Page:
OpenGL ES for iPhone: Drawing a Circle - Part II

Posted by Jan Vantomme on 19 May 2009.

Adding Random Colors

Random colors are something widely used in generative design and are easy to implement on the iPhone. We have 360 vertices on the perimeter of our circle and we want to give each one a random color every time the circle gets drawn. Colors are made of 4 components (red, green, blue and alpha) so we will need an array to store 4 components for every vertex. The following piece of code creates an empty GLfloat array and fills it with random values between 0.0 and 1.0 for the red, green and blue component and a 1.0 value for the alpha component.

// create empty array to store color values
GLfloat colors[1440];
// fill array with color values
for (int i 01440+= 4{
// red value
colors[i]   RANDOM_FLOAT_BETWEEN(0.01.0);
// blue value
colors[i+1] RANDOM_FLOAT_BETWEEN(0.01.0);
// green value
colors[i+2] RANDOM_FLOAT_BETWEEN(0.01.0);
// alpha value
colors[i+3] 1.0;

To draw the circle with these random colors you will need to remove the glColor4f() method and replace it with glColorPointer() and enable color arrays. These lines of code will do:


Run the app and you will see that the starting point of the circle is on the right creating an odd looking circle like the one in the picture below.

The circle gets drawn from the right side.

It would be better if the circle gets drawn from the middle so all triangles would be of the same size.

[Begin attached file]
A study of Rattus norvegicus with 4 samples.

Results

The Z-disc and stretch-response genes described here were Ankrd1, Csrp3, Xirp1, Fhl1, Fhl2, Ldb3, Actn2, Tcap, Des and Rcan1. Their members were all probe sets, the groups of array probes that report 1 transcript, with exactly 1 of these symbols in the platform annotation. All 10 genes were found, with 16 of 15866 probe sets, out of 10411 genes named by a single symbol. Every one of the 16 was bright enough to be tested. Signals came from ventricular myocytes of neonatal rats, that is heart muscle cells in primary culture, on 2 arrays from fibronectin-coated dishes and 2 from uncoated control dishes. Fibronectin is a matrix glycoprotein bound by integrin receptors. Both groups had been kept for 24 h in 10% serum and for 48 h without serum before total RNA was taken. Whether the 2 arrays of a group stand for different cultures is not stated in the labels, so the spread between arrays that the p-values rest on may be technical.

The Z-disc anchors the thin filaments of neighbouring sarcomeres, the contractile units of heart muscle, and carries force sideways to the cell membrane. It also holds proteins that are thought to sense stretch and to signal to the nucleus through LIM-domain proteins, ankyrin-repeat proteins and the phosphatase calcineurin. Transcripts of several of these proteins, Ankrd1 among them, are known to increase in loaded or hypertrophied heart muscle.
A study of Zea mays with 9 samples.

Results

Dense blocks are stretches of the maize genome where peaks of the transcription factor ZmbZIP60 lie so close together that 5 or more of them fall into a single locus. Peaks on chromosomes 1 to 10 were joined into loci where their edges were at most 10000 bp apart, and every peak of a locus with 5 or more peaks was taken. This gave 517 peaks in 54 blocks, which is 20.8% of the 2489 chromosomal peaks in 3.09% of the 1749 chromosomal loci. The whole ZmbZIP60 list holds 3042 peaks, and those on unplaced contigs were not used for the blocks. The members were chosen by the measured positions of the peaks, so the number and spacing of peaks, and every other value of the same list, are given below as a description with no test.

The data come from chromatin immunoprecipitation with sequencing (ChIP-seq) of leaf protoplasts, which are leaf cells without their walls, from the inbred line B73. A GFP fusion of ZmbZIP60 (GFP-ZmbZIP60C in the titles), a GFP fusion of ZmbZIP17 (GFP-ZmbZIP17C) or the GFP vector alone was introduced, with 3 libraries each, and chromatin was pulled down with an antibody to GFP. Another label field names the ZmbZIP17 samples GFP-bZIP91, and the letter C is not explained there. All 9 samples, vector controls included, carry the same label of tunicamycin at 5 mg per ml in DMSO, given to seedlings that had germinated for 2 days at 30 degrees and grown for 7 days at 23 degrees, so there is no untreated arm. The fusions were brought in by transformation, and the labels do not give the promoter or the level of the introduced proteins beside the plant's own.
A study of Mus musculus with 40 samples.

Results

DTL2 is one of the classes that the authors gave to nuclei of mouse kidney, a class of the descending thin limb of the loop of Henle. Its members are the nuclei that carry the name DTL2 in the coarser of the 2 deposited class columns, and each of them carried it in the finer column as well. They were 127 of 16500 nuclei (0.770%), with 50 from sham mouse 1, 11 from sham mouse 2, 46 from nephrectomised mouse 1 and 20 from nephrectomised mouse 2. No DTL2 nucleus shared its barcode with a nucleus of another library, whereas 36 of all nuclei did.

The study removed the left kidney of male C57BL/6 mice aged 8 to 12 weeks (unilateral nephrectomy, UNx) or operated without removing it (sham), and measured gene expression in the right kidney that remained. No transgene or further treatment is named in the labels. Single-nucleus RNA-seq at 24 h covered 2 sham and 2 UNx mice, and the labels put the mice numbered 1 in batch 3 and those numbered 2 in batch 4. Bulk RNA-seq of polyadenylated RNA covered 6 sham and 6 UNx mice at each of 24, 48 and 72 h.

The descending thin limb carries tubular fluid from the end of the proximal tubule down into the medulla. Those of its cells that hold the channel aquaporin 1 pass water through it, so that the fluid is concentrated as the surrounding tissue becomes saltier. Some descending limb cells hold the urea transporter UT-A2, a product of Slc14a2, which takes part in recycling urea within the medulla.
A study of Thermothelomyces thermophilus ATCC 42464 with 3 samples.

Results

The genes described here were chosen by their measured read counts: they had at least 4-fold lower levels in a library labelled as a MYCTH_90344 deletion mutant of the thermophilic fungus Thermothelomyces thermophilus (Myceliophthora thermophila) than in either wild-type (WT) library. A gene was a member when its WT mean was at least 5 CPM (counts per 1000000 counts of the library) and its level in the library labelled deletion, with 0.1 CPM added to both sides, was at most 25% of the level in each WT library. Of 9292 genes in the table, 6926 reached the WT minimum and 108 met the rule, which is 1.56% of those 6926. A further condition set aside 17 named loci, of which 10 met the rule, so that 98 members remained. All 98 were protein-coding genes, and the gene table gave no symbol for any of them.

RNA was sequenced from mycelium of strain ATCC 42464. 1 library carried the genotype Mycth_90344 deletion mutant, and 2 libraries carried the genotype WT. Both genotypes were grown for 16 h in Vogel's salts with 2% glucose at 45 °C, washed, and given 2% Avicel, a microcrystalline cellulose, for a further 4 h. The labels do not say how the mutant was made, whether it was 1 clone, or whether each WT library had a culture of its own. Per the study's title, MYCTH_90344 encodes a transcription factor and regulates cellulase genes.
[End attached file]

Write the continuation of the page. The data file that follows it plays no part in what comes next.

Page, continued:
A better circle

Creating a better looking circle is easy. You’ll need an extra vertex at x = 0.0 and y = 0.0 at the beginning of the vertex array so every triangle will start from here. The vertex array will now have a size 722. There was a small bug in the code of the previous article so you’ll have to change the calculation of the vertices to DEGREES_TO_RADIANS(i/2) to get values between 0 and 360 for the angle. Change your code so it looks like this:

// create an array with a size of 722
GLfloat vertices[722];
// add 2 vertices at 0.0 (x and y for the first point)
vertices[0] 0.0;
vertices[1] 0.0;
// fill the rest of the array with x and y values
// on the perimeter of the circle.
for (int i 0720+= 2{
+2] = (cos(DEGREES_TO_RADIANS(i/2)) * 1);
vertices[i+3] = (sin(DEGREES_TO_RADIANS(i/2)) * 1);
// 2 vertices to close the circle so it looks perfect
vertices[719] 0.0;
vertices[720] 1.0

You’ll also need to add one extra color to the colors array. Change the colors code to this:

GLfloat colors[1444];
for (
int i 01444+= 4{
colors[i+1] RANDOM_FLOAT_BETWEEN(0.01.0);
colors[i+2] RANDOM_FLOAT_BETWEEN(0.01.0);
colors[i+3] 1.0;

And the final tweak to the code is telling OpenGL to draw 361 vertices in stead of 360.


Run the program and you’ll see a nice circle drawn from the center.

The circle gets drawn from the center and looks a lot better.


You can download the project files for this tutorial right here: (XCode project with sample code to draw a better circle in OpenGL ES.). In part three of this article I’ll show you how to optimize the code a little more to make the application run smoother.